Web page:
The “It’s customary to leave a tip” page that comes up after your purchase needs to go. First of all, sellers are freelancers, and it is not customary to tip freelancers. So the statement “it’s customary to leave a tip” is untrue. Secondly, the buyer already agreed on the price, and since it is not customary to tip freelancers, this page gives the sense of trying to “guilt” you into tipping. I would not have as much of an issue if a page simply came up asking “Do you wish to leave a tip?” Although I still think that is tacky, it would be better than the current wording. As a freelancer myself, I never expect a tip b/c I set my own price, and I assume the reviews speak to my ability, so I charge what i feel I am worth. People express their appreciating by 1.) hiring me, and 2.) by thanking me, and 3.) sometimes by referring me. Finally, you’ll notice Fiverr conveniently assesses a “Service Fee” on the tip. So what this seems to be is just another way for Fiverr to make money by guilting you into paying more. Even when tips are customary, it is not customary for the employer to charge more on top of the tip! (Ex: At a restaurant, you pay taxes on the bill, and when you leave a tip, you do not pay additional taxes on the tip.) So Fiverr should either eliminate this page OR at the very least change the wording and do away with the service fee.
Agreed with the wording being wrong, and agreed with the fee on tips being unfair. With that said, it’s nice to get tips. I’m not part of the tipping culture, but I don’t see how a freelancer is less deserving of a tip than the guy who gets me my pizza. Our work demands more skill, better communication and client handling, etc.
Maybe a better wording would be something like “do you want to give your freelancer a bonus for a job well done?”
Bonuses are ok … tips are for low paid workers. And bonuses are taxable.
Bonus are taxable by the state. Not by the company. Fiverr is not a state, it can’t tax anything.
Well, yes … but the truth is that “bonus” implies some part of it is going to be taken out by the state, fiverr, whatever. A bonus costs more to give (and receive) than a tip.
The whole tip thing is a discussion about whether or not it’s insulting, imo …
I don’t know how it works where you’re from. Where I’m from, all earnings are taxable, including tips. And a bonus doesn’t cost more to give than a tip. It’s all the same. Well, there’s a difference - tips are “under the table”, so you can not declare them. It’s illegal, but impossible to fiscalize.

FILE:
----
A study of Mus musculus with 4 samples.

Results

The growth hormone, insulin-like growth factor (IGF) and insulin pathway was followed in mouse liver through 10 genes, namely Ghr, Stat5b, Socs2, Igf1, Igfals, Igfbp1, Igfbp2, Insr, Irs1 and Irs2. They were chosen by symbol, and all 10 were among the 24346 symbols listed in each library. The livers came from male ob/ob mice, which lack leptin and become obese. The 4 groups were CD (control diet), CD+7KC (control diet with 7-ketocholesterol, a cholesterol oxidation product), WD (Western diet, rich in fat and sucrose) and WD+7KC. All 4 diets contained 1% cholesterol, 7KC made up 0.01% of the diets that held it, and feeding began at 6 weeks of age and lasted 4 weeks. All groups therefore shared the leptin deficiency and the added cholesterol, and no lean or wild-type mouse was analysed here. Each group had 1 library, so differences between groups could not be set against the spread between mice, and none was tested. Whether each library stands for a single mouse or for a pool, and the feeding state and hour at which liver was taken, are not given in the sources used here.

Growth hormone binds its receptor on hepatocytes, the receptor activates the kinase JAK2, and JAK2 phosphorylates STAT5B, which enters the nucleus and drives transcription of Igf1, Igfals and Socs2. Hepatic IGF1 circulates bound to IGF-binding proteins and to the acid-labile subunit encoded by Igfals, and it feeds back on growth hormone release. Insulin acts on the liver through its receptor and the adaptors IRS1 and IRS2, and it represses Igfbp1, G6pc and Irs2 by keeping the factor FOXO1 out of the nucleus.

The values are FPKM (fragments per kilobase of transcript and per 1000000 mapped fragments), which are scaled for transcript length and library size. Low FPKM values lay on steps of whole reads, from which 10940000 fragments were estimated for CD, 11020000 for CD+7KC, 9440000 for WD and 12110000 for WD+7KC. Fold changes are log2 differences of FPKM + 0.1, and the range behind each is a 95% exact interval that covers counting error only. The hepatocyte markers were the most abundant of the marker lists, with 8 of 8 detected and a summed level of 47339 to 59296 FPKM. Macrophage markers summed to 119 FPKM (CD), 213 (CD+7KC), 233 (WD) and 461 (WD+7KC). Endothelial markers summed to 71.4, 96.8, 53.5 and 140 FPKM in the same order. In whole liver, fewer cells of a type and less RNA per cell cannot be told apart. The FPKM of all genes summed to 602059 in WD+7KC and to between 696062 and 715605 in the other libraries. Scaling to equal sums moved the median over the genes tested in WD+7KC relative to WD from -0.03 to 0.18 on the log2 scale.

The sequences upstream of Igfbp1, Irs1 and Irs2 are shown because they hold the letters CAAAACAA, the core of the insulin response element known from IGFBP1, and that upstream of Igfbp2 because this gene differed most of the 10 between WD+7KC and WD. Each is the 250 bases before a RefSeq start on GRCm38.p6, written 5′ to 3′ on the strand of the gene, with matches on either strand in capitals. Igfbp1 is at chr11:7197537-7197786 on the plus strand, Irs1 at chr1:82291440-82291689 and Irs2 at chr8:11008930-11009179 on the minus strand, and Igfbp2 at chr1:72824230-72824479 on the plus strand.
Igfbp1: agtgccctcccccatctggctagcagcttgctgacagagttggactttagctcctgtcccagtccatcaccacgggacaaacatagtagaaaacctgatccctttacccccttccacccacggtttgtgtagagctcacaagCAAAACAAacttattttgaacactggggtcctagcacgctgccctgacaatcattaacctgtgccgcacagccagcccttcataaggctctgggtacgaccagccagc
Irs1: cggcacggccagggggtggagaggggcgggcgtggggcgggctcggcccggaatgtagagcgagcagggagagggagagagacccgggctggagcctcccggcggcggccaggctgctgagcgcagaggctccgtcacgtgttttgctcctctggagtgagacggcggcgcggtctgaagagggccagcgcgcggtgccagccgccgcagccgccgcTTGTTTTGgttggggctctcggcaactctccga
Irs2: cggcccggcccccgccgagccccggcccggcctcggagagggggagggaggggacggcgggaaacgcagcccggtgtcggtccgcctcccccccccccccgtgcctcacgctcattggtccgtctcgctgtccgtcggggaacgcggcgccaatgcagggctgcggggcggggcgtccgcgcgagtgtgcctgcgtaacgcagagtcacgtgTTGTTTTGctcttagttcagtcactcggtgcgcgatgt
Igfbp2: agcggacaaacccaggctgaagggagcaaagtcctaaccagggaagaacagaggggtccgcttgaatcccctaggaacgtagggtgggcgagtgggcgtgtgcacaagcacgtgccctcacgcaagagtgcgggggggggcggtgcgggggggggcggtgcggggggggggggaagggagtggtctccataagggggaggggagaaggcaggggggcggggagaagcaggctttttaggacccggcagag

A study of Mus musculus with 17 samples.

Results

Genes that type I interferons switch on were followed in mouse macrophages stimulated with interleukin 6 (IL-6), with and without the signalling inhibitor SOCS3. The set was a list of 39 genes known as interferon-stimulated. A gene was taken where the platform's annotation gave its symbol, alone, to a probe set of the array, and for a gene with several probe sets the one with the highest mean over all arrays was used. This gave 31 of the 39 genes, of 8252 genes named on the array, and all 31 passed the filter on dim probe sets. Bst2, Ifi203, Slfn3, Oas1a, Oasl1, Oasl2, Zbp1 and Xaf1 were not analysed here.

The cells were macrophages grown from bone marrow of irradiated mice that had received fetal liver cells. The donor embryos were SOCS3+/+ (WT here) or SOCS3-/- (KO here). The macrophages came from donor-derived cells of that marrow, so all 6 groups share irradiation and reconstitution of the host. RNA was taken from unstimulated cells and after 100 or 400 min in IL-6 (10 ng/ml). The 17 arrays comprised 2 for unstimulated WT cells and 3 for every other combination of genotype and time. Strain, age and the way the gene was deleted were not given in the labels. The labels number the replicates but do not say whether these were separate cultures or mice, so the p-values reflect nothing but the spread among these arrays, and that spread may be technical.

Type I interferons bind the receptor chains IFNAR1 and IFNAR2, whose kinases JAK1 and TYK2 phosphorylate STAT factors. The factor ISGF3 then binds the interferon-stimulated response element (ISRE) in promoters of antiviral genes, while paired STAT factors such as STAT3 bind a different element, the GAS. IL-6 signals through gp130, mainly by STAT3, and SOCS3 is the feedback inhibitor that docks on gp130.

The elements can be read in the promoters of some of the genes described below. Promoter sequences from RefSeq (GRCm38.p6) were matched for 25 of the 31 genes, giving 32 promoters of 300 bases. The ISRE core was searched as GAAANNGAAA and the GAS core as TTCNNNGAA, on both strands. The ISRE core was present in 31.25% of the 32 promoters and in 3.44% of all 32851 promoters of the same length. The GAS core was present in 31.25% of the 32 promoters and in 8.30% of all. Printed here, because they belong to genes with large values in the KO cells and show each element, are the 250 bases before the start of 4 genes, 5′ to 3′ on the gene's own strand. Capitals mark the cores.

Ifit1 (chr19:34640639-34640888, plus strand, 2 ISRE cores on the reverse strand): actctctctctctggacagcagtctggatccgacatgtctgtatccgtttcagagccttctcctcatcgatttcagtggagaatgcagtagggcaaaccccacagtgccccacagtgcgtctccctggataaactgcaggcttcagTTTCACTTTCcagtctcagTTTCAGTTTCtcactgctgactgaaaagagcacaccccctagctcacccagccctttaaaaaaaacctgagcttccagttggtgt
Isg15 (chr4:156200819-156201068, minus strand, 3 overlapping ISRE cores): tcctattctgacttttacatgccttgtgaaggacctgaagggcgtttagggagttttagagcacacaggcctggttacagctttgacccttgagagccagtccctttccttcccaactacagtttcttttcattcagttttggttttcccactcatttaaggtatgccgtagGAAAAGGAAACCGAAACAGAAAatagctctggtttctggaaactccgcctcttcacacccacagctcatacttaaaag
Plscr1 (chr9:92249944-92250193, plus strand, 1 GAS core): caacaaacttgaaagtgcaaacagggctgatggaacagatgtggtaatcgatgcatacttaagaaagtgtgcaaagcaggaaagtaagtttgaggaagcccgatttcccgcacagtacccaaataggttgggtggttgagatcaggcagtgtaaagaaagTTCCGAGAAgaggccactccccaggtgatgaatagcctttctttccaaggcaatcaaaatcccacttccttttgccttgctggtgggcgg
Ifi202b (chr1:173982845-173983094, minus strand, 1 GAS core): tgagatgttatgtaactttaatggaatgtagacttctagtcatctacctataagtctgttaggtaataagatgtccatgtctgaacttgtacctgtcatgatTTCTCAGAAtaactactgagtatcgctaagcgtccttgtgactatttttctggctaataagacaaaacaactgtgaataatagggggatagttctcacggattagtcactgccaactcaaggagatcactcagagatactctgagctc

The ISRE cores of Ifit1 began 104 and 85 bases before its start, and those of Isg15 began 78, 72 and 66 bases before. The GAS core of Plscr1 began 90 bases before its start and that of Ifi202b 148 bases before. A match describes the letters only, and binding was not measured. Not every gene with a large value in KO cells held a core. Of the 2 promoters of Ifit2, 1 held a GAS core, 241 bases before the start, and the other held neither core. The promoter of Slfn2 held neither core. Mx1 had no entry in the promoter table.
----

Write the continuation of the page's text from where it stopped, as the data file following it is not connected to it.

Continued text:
Huh. That’s interesting. A tip here is generally given in cash. Usually not taxable. A bonus, on the other hand, is structured as part of salary …
Here it’s cash as well. But all cash you receive is taxable. The thing is, you have to declare it. It’s illegal not to do so. But it’s near impossible to get caught.
To get back to the point - lets just call it a bonus …
A pizza delivery person does not set his/her own compensation. A freelancer does. A freelancer determines what the job is worth to him/her and can charge accordingly. The buyer expects the job to be well-done.
Same deal. Fiverr should take no commission on a bonus.
If a pizza delivery person is not happy with his base salary, go do something else that pays better. Just like a freelancer. Depending on tips is not a good method regardless of profession.
Fair point. I feel our culture (in the U.S.) has gotten too tip-happy. When I go out to eat and the server brings my food, refills my drinks, checks on me, they deserve a tip. When I go out to eat and go up to the counter to order my food, get my own soft drink, and bus my own table, I find it annoying when they have a tip jar at the counter. In my opinion, Fiverr is like the latter example (charging a fee on the tip).
Yeah, that’s a way different culture. When I go to a restaurant and the server does all that, they get a salary for it. If I’m inclined to do so, if I love the service, I may leave a tip, but that’s completely at my discretion. He’s just doing his job.
If I order something from a freelancer and he bumps me up in the order queue, he delivers way sooner than expected, he goes above and beyond, he deserves a tip way more than a server that is just doing his job.
Also, a server constantly checking on me is a good way to get me annoyed. I’ll call you when I need you, leave me alone otherwise. It’s intrusive.
Ya, that’s way different than AMerica where the server is paid by the employer a very low wage b/c it is customary for servers to receive tips; and they do receive tips when they are good. We don’t view it as intrusive when the server refills drinks and comes back to make sure the food was prepared to our liking. (Good servers do not “constantly” check on their tables, for that would not be good service.) The bigger issue is that Fiverr charges an additional fee when one tips.
How much is the service fee on a tip? Is it 20% just like the price?
Yes, it’s 20%. Total rip-off.
Let’s face it, it’s just another way for Fiverr to make a bit more money.
I don’t actually have an issue with the concept of tipping, as I (as the seller) stand to benefit, as does Fiverr. It’s fine, it’s business.
However, I do agree that the wording is very poor - but it will have been deliberate. Yes, it does almost ‘guilt’ the buyer into handing over more money.
I agree. Let’s suppose Fiverr instead handled it this way:
When the buyer places the order: “After you receive the order, you will have an opportunity to review the seller and have an option of tipping if you feel you received exceptional service that warrants it.” This would alert the buyer to factor that tip into the budget. (I spent $500 recently, so it would have been nice to plan to expect to pay another $100.) Then, after the order, a simple two questions: 1.) “How satisfied were you with the service?” 2.) “Would you like to leave a tip for the seller?”
If you want a tip so much, why not increase your price point to include the desired tip?